Make Your Move

Running is a great way to get fit. 


There’s a fitness crisis among American teenagers. Phys-ed budgets are being slashed and team sports are becoming more competitive than ever—making it difficult for many teens to get involved. But at least 30 minutes of cardio should still be an important part of your daily routine, regardless of where or how you do it. Whether you’re a track star or a couch potato, turn the page to find a routine that will keep your heart pumping.

Back in seventh grade Brianna hit a fitness hurdle. “There were only 14 spots on the volleyball team, but I could already see myself sporting the team jersey on game days,” she says. On the last day of tryouts, she watched her three best friends jumping for joy when they discovered they had made the team. But Brianna’s dreams were spiked—she had been rejected. Instead of spending the season on the court, she went on hiatus. Sound familiar? If you spent your childhood hitting homers in Little League only to be cut from the middle or high school team, you might be tempted to hang up your gear for good. Instead, take a cue from Brianna: After recovering from the sting of rejection, she rededicated herself to perfecting her skills and landed a spot on the volleyball team the following year. Now in tenth grade, she’s hoping to compete at the national level. Your sports story can have a similar happy ending. First, keep in mind that your school team isn’t the only option—community and church leagues provide team spirit as well as a place to practice your curveballs. Meanwhile, ask the coach what you can work on to improve your chances for next season. The bottom line: Even if you get cut, it doesn’t mean you can’t get ripped—or at least get in shape.

The Competitor

Yes, you live for the thrill of competition. But when you hear the word move you think chess, not fitness. Winning matters in whatever you do. As does being the best.

  • Your Challenge: Finding a sport where you can channel your intensity, but not feel like a loser because you’re new to the game.

  • Your Move: Competitive types thrive on, well, competition. But consider something unconventional like Ultimate Frisbee or table tennis, advises Josh Moore, president of the American Ultimate Disc League. “Most people start playing these sports during high school, so you don’t need prior experience or skill sets.”

  • Bonus Points: Get extra exercise by challenging friends to see who can log the most physical-activity minutes in one month. Use a website like to compare your progress.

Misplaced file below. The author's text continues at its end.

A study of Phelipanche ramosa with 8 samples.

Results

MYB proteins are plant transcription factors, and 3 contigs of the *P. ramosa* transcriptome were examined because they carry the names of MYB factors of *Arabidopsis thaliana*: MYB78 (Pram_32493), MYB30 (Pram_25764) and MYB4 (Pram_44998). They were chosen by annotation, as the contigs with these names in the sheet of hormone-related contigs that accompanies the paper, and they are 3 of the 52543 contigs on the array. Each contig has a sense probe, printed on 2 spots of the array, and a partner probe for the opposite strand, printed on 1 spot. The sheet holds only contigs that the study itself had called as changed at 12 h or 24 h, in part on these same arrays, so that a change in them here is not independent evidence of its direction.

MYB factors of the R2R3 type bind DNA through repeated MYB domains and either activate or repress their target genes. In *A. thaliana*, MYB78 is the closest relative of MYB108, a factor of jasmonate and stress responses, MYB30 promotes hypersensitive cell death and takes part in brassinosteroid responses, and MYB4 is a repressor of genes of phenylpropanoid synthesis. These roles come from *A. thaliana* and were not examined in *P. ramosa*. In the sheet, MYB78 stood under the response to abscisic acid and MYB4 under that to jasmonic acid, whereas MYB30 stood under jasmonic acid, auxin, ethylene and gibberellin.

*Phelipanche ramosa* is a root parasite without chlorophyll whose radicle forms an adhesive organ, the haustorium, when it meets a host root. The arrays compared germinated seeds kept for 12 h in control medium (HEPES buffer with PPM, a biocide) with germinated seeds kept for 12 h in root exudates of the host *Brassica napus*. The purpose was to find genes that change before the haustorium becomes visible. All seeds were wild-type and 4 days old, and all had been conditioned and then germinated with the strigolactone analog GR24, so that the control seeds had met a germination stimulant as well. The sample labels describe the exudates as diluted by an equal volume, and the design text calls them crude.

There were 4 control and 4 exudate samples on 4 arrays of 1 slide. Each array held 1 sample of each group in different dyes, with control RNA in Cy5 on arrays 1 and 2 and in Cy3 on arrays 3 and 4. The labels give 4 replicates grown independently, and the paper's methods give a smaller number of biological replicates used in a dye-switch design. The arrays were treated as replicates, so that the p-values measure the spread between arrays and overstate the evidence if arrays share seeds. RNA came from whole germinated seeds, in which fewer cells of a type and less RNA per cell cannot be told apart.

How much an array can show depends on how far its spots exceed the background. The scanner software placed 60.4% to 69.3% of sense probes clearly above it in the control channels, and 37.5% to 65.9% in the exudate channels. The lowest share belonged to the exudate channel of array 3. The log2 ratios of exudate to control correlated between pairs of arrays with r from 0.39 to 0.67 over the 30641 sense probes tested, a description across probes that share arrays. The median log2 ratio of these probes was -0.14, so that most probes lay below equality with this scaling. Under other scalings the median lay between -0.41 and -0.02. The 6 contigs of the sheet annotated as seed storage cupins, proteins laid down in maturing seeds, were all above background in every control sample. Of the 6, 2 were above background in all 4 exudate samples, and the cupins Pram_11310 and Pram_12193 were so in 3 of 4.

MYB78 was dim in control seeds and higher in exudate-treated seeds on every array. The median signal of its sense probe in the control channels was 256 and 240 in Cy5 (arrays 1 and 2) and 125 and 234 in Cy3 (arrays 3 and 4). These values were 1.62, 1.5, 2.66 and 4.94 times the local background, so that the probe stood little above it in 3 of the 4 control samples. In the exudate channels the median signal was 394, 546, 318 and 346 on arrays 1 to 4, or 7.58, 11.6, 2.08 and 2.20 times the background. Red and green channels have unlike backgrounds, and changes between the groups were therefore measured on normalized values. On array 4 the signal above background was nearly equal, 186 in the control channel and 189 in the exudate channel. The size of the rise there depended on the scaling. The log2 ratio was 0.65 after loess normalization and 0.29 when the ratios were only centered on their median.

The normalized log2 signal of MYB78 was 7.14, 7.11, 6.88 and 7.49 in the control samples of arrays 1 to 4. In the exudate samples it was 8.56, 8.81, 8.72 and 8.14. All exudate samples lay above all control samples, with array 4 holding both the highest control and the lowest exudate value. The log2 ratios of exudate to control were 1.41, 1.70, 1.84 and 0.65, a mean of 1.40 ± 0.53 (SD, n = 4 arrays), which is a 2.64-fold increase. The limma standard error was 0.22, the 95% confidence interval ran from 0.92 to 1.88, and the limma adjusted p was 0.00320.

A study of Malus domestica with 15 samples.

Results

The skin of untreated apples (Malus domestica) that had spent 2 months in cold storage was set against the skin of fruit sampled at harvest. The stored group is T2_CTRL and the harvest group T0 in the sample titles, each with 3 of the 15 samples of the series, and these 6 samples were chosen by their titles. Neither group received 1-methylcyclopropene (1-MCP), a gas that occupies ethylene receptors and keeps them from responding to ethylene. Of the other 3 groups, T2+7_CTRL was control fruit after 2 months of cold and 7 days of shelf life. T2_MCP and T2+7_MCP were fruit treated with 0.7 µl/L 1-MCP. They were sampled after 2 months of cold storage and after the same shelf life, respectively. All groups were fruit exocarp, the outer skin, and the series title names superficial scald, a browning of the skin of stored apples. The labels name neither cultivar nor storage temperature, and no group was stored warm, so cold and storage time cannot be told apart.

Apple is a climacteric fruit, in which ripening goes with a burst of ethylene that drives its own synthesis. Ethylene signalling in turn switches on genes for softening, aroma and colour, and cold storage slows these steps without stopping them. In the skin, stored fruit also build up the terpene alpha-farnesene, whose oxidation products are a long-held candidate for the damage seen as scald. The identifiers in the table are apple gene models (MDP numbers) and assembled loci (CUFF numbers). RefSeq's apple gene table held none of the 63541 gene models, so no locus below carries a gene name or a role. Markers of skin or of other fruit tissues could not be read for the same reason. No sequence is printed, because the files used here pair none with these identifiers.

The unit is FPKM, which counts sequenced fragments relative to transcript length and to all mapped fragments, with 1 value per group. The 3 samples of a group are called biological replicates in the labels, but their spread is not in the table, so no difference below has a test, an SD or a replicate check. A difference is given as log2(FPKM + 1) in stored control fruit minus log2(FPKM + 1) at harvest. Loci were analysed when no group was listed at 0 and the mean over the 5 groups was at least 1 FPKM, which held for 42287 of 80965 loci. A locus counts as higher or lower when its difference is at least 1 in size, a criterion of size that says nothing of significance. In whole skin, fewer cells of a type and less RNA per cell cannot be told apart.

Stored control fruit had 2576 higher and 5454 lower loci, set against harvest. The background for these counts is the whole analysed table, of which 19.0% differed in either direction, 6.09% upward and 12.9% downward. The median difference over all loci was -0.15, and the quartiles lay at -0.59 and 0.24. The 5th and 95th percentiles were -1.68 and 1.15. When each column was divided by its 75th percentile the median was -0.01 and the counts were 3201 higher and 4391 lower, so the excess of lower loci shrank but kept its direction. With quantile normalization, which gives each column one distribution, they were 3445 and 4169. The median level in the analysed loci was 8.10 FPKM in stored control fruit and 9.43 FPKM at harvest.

The Socializer

Whether you’re in the lunch line or online, you’re in a constant conversation with your besties. Hanging out is your favorite activity—sports would take you away from the group.

  • Your Challenge: Finding a friend (or a bunch) to work out with—otherwise you’ll feel like you’re missing out.

  • Your Move: Running is the perfect way to combine socializing and getting your heart rate up, suggests Jon Crane, a certified personal trainer in New York City. “You’ll motivate each other to go farther and faster.”

  • Bonus Points: Sign up for a 5K race (just a tad over three miles). It will give your jogging sessions purpose, and the atmosphere on race day is a total party.

The Chillaxer

You’re most likely to be found reading a book, doodling, or watching TV. Daydreaming is your forte—you’ve spent many a gym class trying to fade into the background.

  • Your Challenge: Discovering that you can be laid back and work up a sweat at the same time—maybe even finding your fitness flow in the mellowness of your own home.

  • Your Move: Workout videos are great for beginners—you don’t even have to leave your bedroom. Plus, there’s always pause and rewind when you need to see a move again. “You can expect an increase in strength and muscle definition in as little as two weeks,” says Elle Shindler, director of training at Kids Fitness NYC Inc. Try a yoga or Pilates series if you want to start off with a slow burn.

  • Bonus Points: Use sites like and to stream live classes, and YouTube for instructional videos.

The Gamer

There’s nothing you like better than settling in for some FIFA 13 or NBA 2K13. When you’re gaming, you get such an adrenaline rush that you think you’re really on the field.

  • Your Challenge: Turning your passion for passive play into something with heart-pounding cardio.

  • Your Move: “Exergaming” has just been officially given the thumbs-up by the President’s Council on Fitness, Sports and Nutrition as a legitimate way for teens to get—and stay—in shape. If you spend 30 minutes on a high-intensity game like Wii Boxing or Exerbeat, you’ll be getting a real workout—not just a virtual one.

  • Bonus Points: It’s easy to become used to a specific drill. To continue improving your fitness level, you need to keep yourself challenged. To beat the boredom, try out a different game or move.